Broadway Classic The Fantasticks Charms at Houston Family Arts Center

The setup:

The long-running and fabled off-Broadway hit The Fantasticks returns to Houston with its sweetness and charm intact, courtesy of Houston Family Arts Center.

The execution:

Part of the appeal of this vehicle is its deliberately low production values, as the audience is asked to use its imagination, for example, to envision a metal stepladder as a wall. (I failed this test, by the way -- it still looked like a ladder to me.) But the theatrical device of exposing illusions is handled here effectively by having a huge box onstage labeled "PROPS," from which swords and even actors can emerge, aided by a mime, Amy Barnes, who is beautiful, graceful and one of the great assets of this production.

The plot is simple, though there are some surprises on first viewing, but it's not giving too much away to say boy finds girl, boy loses girl, boy finds girl again. The girl, Luisa, is played by Kristen Malisewski, and she is excellent, with a strong voice that can rise to operatic levels when needed. The boy, Matt, is played by Logan Harper, complete with eyeglasses, suggesting a nerd-like persona, perhaps not the best directorial choice in characterizing the hero. And a somewhat stilted, uninflected line delivery reinforces the characterization.

The fathers of the young couple play important parts -- they are would-be puppet masters -- and they come close to stealing the show, with energy, verve and enthusiasm. Matt's father, Huckleberry, is played by Jeffrey Baldwin, and Luisa's father, Bellomy, is portrayed by Ron DonLevy, and their seasoned performances enhance the production. They are matched by two other characters: Henry, an old actor, played masterfully by John Stevens, and Mortimer the Indian, portrayed with drive, style and wonderful hair by Joshua Clark.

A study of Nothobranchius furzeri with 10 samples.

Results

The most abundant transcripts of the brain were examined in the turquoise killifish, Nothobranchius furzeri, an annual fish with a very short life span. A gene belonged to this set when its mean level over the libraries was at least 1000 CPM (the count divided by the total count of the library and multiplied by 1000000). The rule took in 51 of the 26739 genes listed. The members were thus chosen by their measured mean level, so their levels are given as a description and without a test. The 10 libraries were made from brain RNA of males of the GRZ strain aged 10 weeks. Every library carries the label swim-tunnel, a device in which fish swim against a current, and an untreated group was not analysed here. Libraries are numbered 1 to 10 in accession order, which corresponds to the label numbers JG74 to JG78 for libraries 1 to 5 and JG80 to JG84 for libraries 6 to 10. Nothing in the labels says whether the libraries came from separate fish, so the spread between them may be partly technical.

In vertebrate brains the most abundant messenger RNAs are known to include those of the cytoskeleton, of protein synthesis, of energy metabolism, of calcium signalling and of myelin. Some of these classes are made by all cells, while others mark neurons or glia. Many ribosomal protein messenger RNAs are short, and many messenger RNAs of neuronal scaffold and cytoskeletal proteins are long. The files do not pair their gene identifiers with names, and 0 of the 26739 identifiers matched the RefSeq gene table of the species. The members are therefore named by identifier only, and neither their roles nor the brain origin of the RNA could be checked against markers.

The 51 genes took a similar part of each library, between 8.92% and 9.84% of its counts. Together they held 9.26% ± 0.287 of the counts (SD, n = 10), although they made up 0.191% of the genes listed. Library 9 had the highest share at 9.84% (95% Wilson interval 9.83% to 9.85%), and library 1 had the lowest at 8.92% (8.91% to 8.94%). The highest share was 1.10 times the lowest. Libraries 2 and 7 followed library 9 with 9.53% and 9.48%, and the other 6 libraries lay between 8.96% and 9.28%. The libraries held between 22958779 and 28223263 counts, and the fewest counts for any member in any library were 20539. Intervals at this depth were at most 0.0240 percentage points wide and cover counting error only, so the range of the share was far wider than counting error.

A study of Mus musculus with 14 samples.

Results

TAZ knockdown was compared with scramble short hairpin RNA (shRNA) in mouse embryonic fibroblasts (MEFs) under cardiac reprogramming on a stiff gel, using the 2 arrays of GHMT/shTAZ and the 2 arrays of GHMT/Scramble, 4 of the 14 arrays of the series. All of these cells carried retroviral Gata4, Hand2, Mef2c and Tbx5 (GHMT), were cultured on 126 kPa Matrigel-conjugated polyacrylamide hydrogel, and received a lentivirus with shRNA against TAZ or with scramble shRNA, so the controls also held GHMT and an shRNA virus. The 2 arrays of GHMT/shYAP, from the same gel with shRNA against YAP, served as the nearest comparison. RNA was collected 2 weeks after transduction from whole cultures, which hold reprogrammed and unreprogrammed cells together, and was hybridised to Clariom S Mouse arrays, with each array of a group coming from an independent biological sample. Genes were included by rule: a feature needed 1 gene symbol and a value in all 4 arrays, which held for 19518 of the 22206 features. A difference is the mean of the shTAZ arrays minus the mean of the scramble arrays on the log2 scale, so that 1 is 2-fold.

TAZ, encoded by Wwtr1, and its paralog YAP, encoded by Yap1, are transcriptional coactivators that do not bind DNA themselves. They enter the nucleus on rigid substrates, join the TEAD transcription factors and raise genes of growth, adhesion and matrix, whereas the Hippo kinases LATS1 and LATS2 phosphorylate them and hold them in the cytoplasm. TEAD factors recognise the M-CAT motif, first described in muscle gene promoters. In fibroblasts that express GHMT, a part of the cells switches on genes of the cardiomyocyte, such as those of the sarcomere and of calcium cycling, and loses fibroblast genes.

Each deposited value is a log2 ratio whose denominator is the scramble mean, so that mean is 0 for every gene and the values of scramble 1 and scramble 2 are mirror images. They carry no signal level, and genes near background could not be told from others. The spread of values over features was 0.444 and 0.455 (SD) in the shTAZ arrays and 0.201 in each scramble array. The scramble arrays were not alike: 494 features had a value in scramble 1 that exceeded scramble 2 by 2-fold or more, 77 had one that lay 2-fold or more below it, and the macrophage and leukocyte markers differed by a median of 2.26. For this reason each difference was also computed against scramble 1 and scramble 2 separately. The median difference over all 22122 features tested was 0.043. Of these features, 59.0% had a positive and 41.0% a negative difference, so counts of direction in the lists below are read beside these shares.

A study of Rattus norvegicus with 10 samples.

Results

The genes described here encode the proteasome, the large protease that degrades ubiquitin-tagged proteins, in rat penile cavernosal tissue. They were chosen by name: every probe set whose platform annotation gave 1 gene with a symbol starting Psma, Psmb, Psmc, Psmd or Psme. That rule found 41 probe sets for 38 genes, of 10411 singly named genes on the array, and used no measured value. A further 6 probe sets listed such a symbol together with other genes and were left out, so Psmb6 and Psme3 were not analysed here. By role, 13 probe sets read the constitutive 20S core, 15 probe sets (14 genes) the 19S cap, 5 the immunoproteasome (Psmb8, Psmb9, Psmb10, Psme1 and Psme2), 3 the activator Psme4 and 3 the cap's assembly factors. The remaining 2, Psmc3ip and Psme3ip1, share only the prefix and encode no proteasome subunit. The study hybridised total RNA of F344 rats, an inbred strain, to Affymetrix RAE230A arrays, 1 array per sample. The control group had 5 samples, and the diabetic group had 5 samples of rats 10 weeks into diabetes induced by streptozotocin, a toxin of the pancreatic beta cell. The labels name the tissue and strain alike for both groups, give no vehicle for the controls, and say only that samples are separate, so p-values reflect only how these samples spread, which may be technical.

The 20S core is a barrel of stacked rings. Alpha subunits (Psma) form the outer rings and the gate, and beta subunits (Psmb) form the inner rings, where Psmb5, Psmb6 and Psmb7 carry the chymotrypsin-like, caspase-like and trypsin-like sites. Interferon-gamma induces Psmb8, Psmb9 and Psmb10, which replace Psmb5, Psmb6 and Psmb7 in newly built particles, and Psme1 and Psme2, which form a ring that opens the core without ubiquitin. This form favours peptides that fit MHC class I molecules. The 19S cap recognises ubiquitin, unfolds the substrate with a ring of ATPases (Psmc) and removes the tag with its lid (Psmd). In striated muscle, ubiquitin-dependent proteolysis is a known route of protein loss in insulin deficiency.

An important character is El Gallo, who doubles as narrator as well, and he is portrayed by Jared Barnes, who captures the story but lacks fire -- the very name calls for an exclamation point -- and his sincere portrayal is at odds with the zest required. This may well be a directorial choice, but, since he's garbed like El Zorro, one would expect a bit of charisma. He is quite good in a dueling scene with the boy, and excellent in the witty number "It Depends on What You Pay." The songs are handled well, with the haunting and most familiar "Try to Remember" opening and closing the performance. The sweet "Soon It's Gonna Rain" is delightful, aided by the mime providing the rain. Whenever she enters, the stage lights up.

The work is directed by Elaine Edstrom, and she gives this much-loved vehicle pace and comic vitality. But her staging of Matt's bitter "real-life experiences" seems unnecessarily brutal, and when he re-enters from these encounters, he seems physically damaged, with makeup that made me want to call fire rescue. Despite its fame and the strength of its musical numbers, this is a fragile play -- a fable -- and a lighter hand serves it best.

The captivating music is by Harvey Schmidt, and the amusing book and lyrics are by Tom Jones. If you haven't seen it, I can recommend this production of a milestone in the history of musical theater, here with some outstanding performances. And, if you have seen it before, return again to savor its sweetness and its creation of a world that never existed, but one that we perhaps wish did.

The verdict:

Some strong performances, enchanting music and an engaging script create an evening of pleasurable entertainment, and, yes, you will exit humming the music.

The Fantasticks continues through June 10 at the Houston Family Arts Center, 10760 Grant Rd. For information or ticketing, call 281-685-6374 or visit the company Web site.